Yesterday I left more copies of The Comic Strip History of Space at the Half Moon Theatre, where I’ll be joining other members of SCBWI to do some more live drawing at the theatre’s Winter Arts Fair. Afterwards I decided to do a bit of exploring.
I don’t know the Limehouse area very well. My preconception of the area was influenced by reading Dickens and Conan Doyle, by Gustave Dore’s moody prints, Victorian images of pea souper fog, opium dens, shadowy wharves and extreme poverty.
Here’s an extract from Bleak House by Dickens:
Smoke lowering down from chimney-pots, making a soft black drizzle, with flakes of soot in it as big as full-grown snowflakes … Fog everywhere. Fog up the river, where it flows among green aits and meadows; fog down the river, where it rolls defiled among the tiers of shipping and the waterside pollutions of a great (and dirty) city.
Behind Limehouse’s DLR station is a bright oasis of calm, and not a wisp of fog in sight. Between the station and the Thames is a Yurt Cafe, where I happily ate a home-made cinnamon bun, and then discovered the cafe is part of St Katherine’s Precinct, one of the Royal Peculiars.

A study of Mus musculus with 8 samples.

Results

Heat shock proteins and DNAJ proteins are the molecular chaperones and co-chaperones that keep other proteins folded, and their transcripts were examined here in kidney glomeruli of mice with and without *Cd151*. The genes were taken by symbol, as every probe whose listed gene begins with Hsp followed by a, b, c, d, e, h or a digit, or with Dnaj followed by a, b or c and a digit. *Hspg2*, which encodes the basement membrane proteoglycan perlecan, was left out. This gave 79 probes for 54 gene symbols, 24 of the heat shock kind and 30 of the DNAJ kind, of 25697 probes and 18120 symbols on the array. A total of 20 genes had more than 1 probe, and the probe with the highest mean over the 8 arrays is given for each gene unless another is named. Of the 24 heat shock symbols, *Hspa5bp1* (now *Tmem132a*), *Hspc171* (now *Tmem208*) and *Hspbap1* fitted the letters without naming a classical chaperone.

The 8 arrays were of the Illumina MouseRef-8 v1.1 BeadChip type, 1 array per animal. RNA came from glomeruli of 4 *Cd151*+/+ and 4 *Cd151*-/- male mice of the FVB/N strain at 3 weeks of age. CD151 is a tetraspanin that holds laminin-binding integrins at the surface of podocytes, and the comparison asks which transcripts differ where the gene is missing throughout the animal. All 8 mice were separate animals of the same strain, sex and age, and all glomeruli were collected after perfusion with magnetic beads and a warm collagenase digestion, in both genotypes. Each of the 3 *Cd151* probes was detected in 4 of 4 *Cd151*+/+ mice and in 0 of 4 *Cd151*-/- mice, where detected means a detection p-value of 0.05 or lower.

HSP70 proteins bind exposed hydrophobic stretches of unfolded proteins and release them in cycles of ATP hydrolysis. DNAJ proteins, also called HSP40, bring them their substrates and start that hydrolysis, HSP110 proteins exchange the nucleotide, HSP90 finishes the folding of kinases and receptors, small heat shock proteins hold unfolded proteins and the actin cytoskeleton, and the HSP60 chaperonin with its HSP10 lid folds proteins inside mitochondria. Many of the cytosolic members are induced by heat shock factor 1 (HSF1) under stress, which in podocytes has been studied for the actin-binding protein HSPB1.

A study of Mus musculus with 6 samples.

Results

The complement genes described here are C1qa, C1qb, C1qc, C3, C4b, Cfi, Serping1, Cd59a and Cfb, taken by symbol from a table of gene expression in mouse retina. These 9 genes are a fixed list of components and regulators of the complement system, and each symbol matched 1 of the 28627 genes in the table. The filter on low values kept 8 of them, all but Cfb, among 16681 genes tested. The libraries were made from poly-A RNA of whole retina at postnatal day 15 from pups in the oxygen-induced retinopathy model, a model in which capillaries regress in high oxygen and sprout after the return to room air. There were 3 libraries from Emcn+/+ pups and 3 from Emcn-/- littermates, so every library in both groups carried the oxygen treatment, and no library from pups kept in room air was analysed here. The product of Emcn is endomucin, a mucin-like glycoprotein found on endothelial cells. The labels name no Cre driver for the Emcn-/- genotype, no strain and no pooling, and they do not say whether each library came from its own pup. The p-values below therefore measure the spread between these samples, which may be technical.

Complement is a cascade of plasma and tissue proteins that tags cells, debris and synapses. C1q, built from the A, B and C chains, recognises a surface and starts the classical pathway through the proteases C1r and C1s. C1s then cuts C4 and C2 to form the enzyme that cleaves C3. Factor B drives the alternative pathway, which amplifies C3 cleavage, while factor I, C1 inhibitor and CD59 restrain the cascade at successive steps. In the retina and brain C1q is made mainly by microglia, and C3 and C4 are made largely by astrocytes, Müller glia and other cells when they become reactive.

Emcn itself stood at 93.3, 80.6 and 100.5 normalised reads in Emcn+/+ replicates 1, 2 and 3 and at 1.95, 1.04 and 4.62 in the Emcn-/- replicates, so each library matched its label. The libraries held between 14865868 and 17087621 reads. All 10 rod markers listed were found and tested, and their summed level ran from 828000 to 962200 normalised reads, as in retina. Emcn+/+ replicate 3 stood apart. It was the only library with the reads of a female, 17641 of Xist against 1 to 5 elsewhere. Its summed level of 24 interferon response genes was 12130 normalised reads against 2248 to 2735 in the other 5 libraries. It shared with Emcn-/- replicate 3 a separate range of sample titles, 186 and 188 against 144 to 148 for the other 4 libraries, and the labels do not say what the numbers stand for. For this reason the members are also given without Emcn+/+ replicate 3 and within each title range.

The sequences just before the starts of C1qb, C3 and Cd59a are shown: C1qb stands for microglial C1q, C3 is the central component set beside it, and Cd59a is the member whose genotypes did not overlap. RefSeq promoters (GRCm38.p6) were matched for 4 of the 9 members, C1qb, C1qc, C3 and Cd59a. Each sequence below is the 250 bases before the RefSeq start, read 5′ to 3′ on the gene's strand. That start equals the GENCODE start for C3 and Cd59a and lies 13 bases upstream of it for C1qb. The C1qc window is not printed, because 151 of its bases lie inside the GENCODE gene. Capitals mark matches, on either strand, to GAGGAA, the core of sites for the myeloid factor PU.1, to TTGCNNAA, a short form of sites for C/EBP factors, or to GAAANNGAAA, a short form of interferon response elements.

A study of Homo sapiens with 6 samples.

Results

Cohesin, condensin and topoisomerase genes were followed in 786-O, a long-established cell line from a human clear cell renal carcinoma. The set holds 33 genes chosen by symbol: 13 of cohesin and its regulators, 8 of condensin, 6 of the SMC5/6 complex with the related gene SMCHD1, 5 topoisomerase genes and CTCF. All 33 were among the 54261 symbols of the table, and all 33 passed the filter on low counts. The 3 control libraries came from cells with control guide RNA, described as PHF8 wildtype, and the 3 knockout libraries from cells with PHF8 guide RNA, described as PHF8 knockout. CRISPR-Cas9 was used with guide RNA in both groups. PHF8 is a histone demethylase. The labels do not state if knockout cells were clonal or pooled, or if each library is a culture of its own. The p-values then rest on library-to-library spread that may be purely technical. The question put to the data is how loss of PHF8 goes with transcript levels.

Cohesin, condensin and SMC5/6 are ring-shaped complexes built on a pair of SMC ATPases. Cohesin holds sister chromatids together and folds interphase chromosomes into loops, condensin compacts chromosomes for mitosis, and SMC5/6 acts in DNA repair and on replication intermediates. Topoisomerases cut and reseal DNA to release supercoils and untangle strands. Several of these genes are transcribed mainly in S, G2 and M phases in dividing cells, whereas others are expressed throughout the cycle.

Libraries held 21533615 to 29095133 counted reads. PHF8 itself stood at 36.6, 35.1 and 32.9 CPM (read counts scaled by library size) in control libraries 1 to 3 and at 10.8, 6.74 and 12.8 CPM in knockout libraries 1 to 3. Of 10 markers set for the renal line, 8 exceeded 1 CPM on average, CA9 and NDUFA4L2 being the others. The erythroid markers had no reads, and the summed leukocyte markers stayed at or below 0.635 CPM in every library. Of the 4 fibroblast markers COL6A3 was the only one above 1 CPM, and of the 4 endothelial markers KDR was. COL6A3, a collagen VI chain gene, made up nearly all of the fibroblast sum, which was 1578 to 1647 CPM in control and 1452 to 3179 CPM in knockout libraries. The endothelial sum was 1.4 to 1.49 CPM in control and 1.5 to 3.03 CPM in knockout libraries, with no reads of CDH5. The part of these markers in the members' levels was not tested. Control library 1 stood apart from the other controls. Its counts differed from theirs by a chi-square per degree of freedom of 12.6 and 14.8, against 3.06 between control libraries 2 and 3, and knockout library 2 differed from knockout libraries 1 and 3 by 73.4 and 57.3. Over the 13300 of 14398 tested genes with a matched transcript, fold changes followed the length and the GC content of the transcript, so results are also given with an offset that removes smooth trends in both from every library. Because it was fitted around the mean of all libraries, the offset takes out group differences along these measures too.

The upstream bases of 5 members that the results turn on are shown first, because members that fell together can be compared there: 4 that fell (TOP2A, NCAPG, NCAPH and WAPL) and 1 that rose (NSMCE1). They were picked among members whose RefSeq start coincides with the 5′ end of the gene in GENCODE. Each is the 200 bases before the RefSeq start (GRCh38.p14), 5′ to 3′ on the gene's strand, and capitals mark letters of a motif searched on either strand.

The original Royal Foundation of St Katherine, founded in the 12C, now runs a conference centre, artists’ studios, a community hub and a b&b. Inside its 1950s chapel are wondrous carved wooden figures, misericords surviving from the 14C.
There was a conference or two taking place at the Foundation while I visited, but the tranquil gardens were deserted.
Inside one of the buildings, over a fireplace, was a 17C portrait of Sir Julius Caesar, one of the earlier Masters. The original name of this ambitious Italian man was Adelmare, but he changed his name thinking Julius Caesar sounded more impressive. It obviously did the trick, as he later became Chancellor of the Exchequer.